Washington, D.C. would continue to be blocked from legalizing recreational marijuana sales under a bicameral omnibus spending bill that was introduced…


The ongoing cannabis commerce blockade in D.C. is a disappointment for advocates who had hoped that congressional leaders in the Democratic-controlled Congress would remove the rider like the House did in its version last year and as the Senate also did in a draft version that was circulated by the Appropriations Committee.

Activists also wanted to see an expansion of the current state medical marijuana protection language to cover all state cannabis programs from Justice Department intervention, but that didn’t pan out either.

President Joe Biden’s administration didn’t help when it released its budget proposal for the 2022 fiscal year, which maintained the so-called Harris rider blocking D.C. from using its local tax dollars from allowing cannabis commerce despite voter approval of an initiative to legalize possession and home cultivation eight years ago. The measure, named after its anti-legalization sponsor Rep. Andy Harris (R-MD), has been annually renewed since 2014.

More than 50 leading marijuana advocacy and civil rights organizations sent a letter to congressional leaders and appropriators last week, asking that they finally allow recreational cannabis sales to begin in the District.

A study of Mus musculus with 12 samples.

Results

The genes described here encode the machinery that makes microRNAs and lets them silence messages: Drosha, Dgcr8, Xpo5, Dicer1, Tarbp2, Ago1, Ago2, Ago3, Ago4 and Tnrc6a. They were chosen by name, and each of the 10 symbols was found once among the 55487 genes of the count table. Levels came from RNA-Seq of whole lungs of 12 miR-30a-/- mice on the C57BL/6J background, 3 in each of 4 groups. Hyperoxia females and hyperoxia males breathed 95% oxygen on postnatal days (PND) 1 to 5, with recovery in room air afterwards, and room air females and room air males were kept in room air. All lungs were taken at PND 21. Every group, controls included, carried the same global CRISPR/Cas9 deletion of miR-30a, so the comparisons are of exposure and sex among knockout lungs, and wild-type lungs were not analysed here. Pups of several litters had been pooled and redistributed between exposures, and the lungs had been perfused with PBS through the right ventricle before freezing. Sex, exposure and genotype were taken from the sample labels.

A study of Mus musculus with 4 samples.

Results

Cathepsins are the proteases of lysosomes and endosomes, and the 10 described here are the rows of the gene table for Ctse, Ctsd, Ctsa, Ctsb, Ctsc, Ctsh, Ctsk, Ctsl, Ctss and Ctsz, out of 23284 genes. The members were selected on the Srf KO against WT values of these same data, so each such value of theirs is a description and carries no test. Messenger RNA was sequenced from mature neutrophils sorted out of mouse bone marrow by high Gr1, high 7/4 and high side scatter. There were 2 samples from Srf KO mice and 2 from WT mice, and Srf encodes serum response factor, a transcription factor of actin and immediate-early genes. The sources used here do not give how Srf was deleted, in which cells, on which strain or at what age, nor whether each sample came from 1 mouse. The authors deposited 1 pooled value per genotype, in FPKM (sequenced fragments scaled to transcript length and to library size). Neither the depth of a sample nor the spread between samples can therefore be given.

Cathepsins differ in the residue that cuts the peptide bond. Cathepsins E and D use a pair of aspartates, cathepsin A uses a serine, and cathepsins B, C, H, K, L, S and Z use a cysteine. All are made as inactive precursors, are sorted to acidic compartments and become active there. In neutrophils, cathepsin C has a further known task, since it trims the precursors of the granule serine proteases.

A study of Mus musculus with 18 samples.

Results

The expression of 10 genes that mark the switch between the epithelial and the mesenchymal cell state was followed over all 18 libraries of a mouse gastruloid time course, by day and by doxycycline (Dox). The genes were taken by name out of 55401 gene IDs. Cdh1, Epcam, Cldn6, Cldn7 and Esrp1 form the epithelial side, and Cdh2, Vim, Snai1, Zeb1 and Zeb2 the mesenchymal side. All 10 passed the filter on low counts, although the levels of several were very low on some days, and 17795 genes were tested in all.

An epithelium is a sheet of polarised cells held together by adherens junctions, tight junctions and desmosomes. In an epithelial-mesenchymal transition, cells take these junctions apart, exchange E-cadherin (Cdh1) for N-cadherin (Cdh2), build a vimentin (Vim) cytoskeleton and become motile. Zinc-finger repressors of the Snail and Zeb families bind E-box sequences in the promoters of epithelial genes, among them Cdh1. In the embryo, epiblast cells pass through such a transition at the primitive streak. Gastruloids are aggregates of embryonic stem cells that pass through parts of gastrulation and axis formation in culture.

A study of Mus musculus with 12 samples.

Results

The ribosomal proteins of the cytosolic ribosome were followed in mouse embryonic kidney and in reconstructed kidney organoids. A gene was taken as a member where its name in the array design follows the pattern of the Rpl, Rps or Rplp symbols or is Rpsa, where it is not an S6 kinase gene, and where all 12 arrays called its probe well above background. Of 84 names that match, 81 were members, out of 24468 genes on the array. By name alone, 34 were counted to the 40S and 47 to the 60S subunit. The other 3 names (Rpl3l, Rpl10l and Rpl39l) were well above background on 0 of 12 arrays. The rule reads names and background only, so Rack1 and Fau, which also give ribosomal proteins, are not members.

A House vote on the omnibus appropriations legislation is expected to happen as early as Wednesday, just days before a government spending deadline that had been pushed back multiple times through continuing resolutions. The bill would then head to the Senate and need to be signed into law by Biden ahead of Friday’s midnight deadline to avoid a government shutdown.



While there appeared to be shared interest among House and Senate Democrats in ending the D.C. ban as part of the fiscal year 2022 appropriations session, achieving that goal proved logistically complicated.

All four committee leaders handling appropriations reportedly agreed to refrain from adding new or removing existing policy riders without bipartisan, bicameral buy-in—effectively dooming the prospects of eliminating the D.C. language this round due to opposition from top Republicans.

D.C. Mayor Muriel Bowser (D) said last April that local officials are prepared to move forward with implementing a legal system of recreational marijuana sales in the nation’s capital just as soon as they can get over the final “hurdle” of congressional interference.

Meanwhile, the medical marijuana protection rider that was first enacted in 2014 was again included in the omnibus legislation. But despite pleas from advocates and lawmakers to expand the policy to all state and territory cannabis programs—and the House’s approval of amendments to do so—that broader language was not adopted in the newly negotiated bill.

The appropriations legislation and attached reports passed by the House last year also directed federal government agencies to reconsider policies that fire employees for using cannabis in compliance with state law, protect banks from certain punishments for working with marijuana businesses, criticized restrictive hemp regulations, encouraged CBD to be allowed in foods and urged expanded research on cannabis and other substances including psychedelics.

Congressman Pledges To Be A ‘Real Pest’ Until Senate Passes His Marijuana Banking Bill

Photo by Aphiwat chuangchoem.

The post Congress Keeps D.C. Marijuana Sales Ban In Place But Continues Protections For Medical Cannabis States In Spending Legislation appeared first on Marijuana Moment.